We’re faced with the acute problem of rising food costs while we confront the chronic issue of climate breakdown.
Our global industrial food system undermines ecological systems and cannot deliver food equity. Meanwhile, a wide range of social movements are working for change, aware of the need to transition to more equitable, sustainable systems. From conscience movements working for animal rights, Slow Food or waste reduction, to political action challenging corporate power led by organisations and networks such as Greenpeace or La Via Campesina. There are also actions happening at the flax-roots.
On the direct action front, dumpster diving — the practice of ‘‘stealing’’ waste food rather than letting it go to landfill — has helped some students balance their meagre food budget while reducing food waste and therefore reducing methane emissions. Dairy, baked goods, meat and fish are commonly scavenged foodstuffs. One big issue these ‘‘freegans’’ face is storage — where and how to store a flush of perishable goods for future consumption? Freezer space becomes a key component in the underground freegan network. But it also depends on continued access to waste, which is itself unsustainable.
Foraging, the art of gathering wild food, is something I’ve always been keen on as seasonal exploration. There’s the joyful discovery of those hidden bolete mushrooms poking through the leaves, the hat full of walnuts and the wild thyme of Central Otago. Christchurch foragers have access to the uninhabited red zone where nature rules. Thousands of fruit and nut trees remain, untended but productive and accessible.
At our recent neighbourhood apple-pressing session, at least half the apples pressed came from foraging expeditions — that sweet juice now fermented into the distinctively dry Waitete cider. And each year whanau engage in the titi harvest on Stewart Island/Rakiura, maintaining tikanga and traditional food ways.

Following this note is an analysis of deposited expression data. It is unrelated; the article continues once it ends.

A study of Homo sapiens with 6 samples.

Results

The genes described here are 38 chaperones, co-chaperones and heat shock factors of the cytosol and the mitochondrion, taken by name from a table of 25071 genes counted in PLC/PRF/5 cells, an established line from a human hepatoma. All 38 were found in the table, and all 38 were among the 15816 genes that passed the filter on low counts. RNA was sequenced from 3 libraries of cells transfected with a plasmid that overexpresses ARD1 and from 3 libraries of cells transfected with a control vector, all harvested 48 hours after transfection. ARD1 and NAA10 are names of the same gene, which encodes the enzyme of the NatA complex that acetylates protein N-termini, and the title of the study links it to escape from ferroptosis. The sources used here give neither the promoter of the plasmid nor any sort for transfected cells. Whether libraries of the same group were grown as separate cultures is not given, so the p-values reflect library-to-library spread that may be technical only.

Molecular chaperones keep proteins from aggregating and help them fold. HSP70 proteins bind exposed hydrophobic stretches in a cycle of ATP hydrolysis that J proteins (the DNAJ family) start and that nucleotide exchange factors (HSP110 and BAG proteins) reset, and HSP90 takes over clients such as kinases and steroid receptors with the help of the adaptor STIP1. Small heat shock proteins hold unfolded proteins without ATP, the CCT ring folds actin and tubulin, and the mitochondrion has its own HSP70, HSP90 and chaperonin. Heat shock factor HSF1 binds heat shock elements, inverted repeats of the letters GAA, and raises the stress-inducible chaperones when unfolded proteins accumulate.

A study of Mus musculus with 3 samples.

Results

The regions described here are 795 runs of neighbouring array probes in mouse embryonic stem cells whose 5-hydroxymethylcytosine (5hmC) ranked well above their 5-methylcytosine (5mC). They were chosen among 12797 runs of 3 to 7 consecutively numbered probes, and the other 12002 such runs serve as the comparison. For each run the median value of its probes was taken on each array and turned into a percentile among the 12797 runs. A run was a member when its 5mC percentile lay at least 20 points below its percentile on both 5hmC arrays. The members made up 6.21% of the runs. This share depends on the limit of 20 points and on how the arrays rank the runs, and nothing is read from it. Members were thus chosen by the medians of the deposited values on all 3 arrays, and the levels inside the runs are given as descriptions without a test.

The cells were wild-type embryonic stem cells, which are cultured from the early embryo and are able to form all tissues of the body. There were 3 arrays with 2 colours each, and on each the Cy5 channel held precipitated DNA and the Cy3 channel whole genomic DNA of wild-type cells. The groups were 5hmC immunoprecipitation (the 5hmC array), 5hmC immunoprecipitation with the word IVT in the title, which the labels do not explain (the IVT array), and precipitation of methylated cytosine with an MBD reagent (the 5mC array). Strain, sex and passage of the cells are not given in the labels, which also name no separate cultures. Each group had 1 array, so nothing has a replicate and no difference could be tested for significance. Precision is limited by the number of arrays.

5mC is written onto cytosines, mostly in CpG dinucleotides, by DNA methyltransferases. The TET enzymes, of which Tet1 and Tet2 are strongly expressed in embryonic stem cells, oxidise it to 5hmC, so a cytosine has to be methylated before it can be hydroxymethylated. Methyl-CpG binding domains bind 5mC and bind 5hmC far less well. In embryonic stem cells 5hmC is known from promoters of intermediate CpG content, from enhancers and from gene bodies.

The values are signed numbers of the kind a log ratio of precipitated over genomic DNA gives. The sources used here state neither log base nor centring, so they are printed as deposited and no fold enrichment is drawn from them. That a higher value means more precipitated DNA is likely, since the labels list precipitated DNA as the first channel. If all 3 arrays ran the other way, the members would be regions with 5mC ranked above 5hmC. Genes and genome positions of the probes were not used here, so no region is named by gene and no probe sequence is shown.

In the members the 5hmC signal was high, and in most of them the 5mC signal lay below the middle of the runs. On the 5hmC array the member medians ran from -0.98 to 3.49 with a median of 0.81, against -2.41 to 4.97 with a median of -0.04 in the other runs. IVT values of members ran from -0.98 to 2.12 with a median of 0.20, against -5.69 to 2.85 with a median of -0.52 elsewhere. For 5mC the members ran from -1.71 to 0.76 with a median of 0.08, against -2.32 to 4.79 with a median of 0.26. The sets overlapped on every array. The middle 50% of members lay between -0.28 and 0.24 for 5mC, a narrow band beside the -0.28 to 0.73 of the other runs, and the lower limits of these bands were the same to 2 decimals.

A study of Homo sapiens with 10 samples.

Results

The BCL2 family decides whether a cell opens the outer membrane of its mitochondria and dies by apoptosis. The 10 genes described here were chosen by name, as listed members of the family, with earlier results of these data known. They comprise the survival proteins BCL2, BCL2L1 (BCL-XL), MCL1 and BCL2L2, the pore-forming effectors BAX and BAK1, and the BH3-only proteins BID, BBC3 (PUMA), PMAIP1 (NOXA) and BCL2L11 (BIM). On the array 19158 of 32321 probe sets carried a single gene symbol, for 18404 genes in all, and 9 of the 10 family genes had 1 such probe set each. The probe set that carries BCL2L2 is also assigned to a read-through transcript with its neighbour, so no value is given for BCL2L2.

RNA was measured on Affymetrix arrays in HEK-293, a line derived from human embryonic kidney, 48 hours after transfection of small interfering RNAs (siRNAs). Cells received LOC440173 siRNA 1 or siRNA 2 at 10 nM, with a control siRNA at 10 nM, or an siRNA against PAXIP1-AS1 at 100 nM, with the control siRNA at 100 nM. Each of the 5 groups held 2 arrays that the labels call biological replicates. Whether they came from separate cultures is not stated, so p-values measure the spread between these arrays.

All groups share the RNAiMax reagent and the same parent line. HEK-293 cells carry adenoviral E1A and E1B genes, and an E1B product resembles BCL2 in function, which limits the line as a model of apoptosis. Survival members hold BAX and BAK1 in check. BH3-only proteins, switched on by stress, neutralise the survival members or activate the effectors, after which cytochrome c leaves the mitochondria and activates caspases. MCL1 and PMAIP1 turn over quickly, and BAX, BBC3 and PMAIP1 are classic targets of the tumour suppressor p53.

These small direct actions may be the seed for something much bigger.
Imagine if instead of responding to crises as they occur, we were able to plan and prepare. What could happen, for example, if the agri-food corporations who dominate our global food system become more entangled in global geopolitics: the Russian invasion of Ukraine, an outbreak of civil war in the United States, another pandemic, collapse of markets in the global South, and began retracting?
When the Soviet Union collapsed in 1990, Cuba’s lifeline to fuel, fertiliser and food was cut and Cuba had to make a rapid transition from a highly mechanised, industrial farming system to one embracing organic, community and urban-based food provisioning. It could happen here as international markets collapse, and access to fuel, seed and fertiliser becomes problematic.
Many communities and groups are taking things into their own hands. The regenerative agriculture movement in Aotearoa is growing through peer-to-peer farmer networks rather than through mainstream productionist agricultural science, boosting biodiversity and supporting a gentler way of farming.
Urban agriculture ventures such as the OMG Organic Market Garden in Auckland are demonstrating that community supported agriculture is suited to the city and can provide healthy organic food direct to consumers without the predatory retail tariff.
Here in Otepoti Dunedin community gardens, such as North East Valley Community Garden and Puketeraki runaka’s community garden/orchard are providing places where residents can learn and share knowledge, while growing good food and relationships.
It’s tempting to think this is all new. But Maori have been working communal gardens, hunting, fishing and foraging kai in Aotearoa since well before the fossil fuel era. Broadcaster and Minister ‘‘Uncle Scrim’’ in the 1930s used his platform to encourage home gardening to supplement meagre food supplies. When, as a young man in the 1990s, I returned to the family farm and suggested my father practise organic gardening, he looked at me and asked what I meant. I earnestly described all I’d learnt living in rural France, and he said, ‘‘oh, they’re calling ‘gardening’ ‘organic gardening’ now ... ’’. There are a wealth of sane food traditions that we can draw on.
Regenerative agriculture, allotments, community gardens, community supported agriculture, home gardens, foraging and recognition of mahinga kai are all ways we can actively construct a lifeboat to manage the climate storms ahead. Freedom from the global industrial food system is deeply rewarding, good old common sense and simply nutritious!
Scott Willis is a climate and energy consultant. Each week in this column one of a panel of writers addresses issues of sustainability.